Dear Bored Teachers,

I’ve read every single article, watched every single video, and read every survey in the book about homework. It looks like those of us who do still give homework are viewed as evil. Honestly, I believe in math homework, and I’ve seen my students’ progress skyrocket when I assign weekly worksheets for them to practice more after school. I know it’s taking away from family life and extracurricular activities, but I don’t believe I can get them to pass the standards without it. There’s just not enough class time. How do other teachers do it?

Homework Helps

Dear Homework Helps,

Look, I have been around a lonnngggg time in education. I came out of college at a time when phonics was viewed as “evil drill and kill.” Well, the pendulum swings, and it swings often. Whole language is now considered evil, although all strategies have their merits; it is when they are taken to the extreme that problems ensue.

Trends always come full circle, and you are correct that homework does not seem in vogue at the present time. But, that doesn’t mean it doesn’t have value if given the right way, and I certainly wouldn’t call it evil unless you are assigning mountains of busywork for students.

Quality over quantity!

I am not convinced the research fully supports having no homework at all. It seems that the majority of research focuses on the quantity of homework without looking at the benefits of quality homework.

Giving homework to give homework seems to be the problem. Many schools still stick to the idea that they must give homework every night without considering if it is actually appropriate and would aid in helping students learn a particular concept. This is why there are so many homework haters, and I agree with this case. Homework must be purposeful, relevant, and short.

The notion that students need time to participate in play and extracurricular activities is the biggest criticism of homework, but the 10-minute rule of first graders doing 10 minutes of homework, second graders doing 20, etc. would leave students plenty of time for those activities. Not overburdening students with homework and leaving weekends free is crucial.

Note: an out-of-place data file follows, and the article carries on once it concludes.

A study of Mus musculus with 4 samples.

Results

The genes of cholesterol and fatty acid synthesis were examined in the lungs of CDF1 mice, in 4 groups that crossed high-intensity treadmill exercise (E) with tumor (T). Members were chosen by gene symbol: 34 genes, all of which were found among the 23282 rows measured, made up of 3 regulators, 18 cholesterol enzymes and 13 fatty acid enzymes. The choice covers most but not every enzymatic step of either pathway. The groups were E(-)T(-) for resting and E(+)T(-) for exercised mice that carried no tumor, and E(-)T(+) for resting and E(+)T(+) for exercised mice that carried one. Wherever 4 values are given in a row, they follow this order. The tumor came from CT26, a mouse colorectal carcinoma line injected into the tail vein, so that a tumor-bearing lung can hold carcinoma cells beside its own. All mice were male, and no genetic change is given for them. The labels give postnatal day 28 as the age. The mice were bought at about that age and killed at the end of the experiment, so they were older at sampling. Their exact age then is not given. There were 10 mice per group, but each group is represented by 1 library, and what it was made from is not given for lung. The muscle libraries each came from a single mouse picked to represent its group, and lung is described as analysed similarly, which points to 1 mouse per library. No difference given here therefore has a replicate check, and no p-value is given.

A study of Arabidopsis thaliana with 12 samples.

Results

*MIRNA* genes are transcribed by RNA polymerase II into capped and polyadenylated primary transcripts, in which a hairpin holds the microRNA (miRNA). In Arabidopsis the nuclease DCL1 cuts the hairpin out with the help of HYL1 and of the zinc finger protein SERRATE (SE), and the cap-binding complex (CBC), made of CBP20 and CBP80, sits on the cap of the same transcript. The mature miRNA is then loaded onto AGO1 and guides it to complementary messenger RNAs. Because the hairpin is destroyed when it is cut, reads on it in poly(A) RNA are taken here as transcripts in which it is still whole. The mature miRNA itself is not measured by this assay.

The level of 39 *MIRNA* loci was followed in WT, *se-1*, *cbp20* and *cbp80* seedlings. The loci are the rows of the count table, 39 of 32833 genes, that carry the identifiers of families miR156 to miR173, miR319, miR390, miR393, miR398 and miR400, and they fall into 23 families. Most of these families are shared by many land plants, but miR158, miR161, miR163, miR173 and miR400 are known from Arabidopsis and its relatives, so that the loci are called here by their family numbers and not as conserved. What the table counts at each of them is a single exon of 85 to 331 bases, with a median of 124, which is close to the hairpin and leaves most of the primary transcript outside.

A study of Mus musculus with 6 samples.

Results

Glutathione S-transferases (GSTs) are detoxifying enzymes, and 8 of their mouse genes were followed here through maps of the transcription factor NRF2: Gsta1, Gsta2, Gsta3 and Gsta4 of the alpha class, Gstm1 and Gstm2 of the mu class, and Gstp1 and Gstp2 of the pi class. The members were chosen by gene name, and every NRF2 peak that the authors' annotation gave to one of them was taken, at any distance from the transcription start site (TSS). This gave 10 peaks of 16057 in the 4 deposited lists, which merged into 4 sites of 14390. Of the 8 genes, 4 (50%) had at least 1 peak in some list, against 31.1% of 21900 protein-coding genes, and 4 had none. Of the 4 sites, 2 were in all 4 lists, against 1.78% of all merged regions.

Giving math homework is important.

Math requires mastery and automaticity and is very sequential. Students who have not mastered one concept will certainly fail at the next concept. There is often not enough time for some students in school to achieve mastery, and they will then fall behind. My daughter had trouble with math, and homework allowed me the opportunity to see what she was having a difficult time with and attempt to help her. Homework was a lifesaver to remediate and practice much-needed skills.

Research backs this up with disadvantaged kids, as parents are more likely to help with homework if their child is struggling, and their children achieve more as a result. Parents should be encouraged to help with homework in order to stay connected to what their child is learning and fill in the gaps. The partnership is key.

You are the judge.

Here is the crucial thing, and I want everyone to listen carefully: You are the professional and must trust your own judgment above all else.

I can find research in support of and against any educational topic. You said that your students are more successful with homework; other teachers might not come to the same conclusion for their students. You have to do what you feel provides the greatest overall benefit to your group of students. Ignore the homework haters.

Am I a bad teacher for giving homework?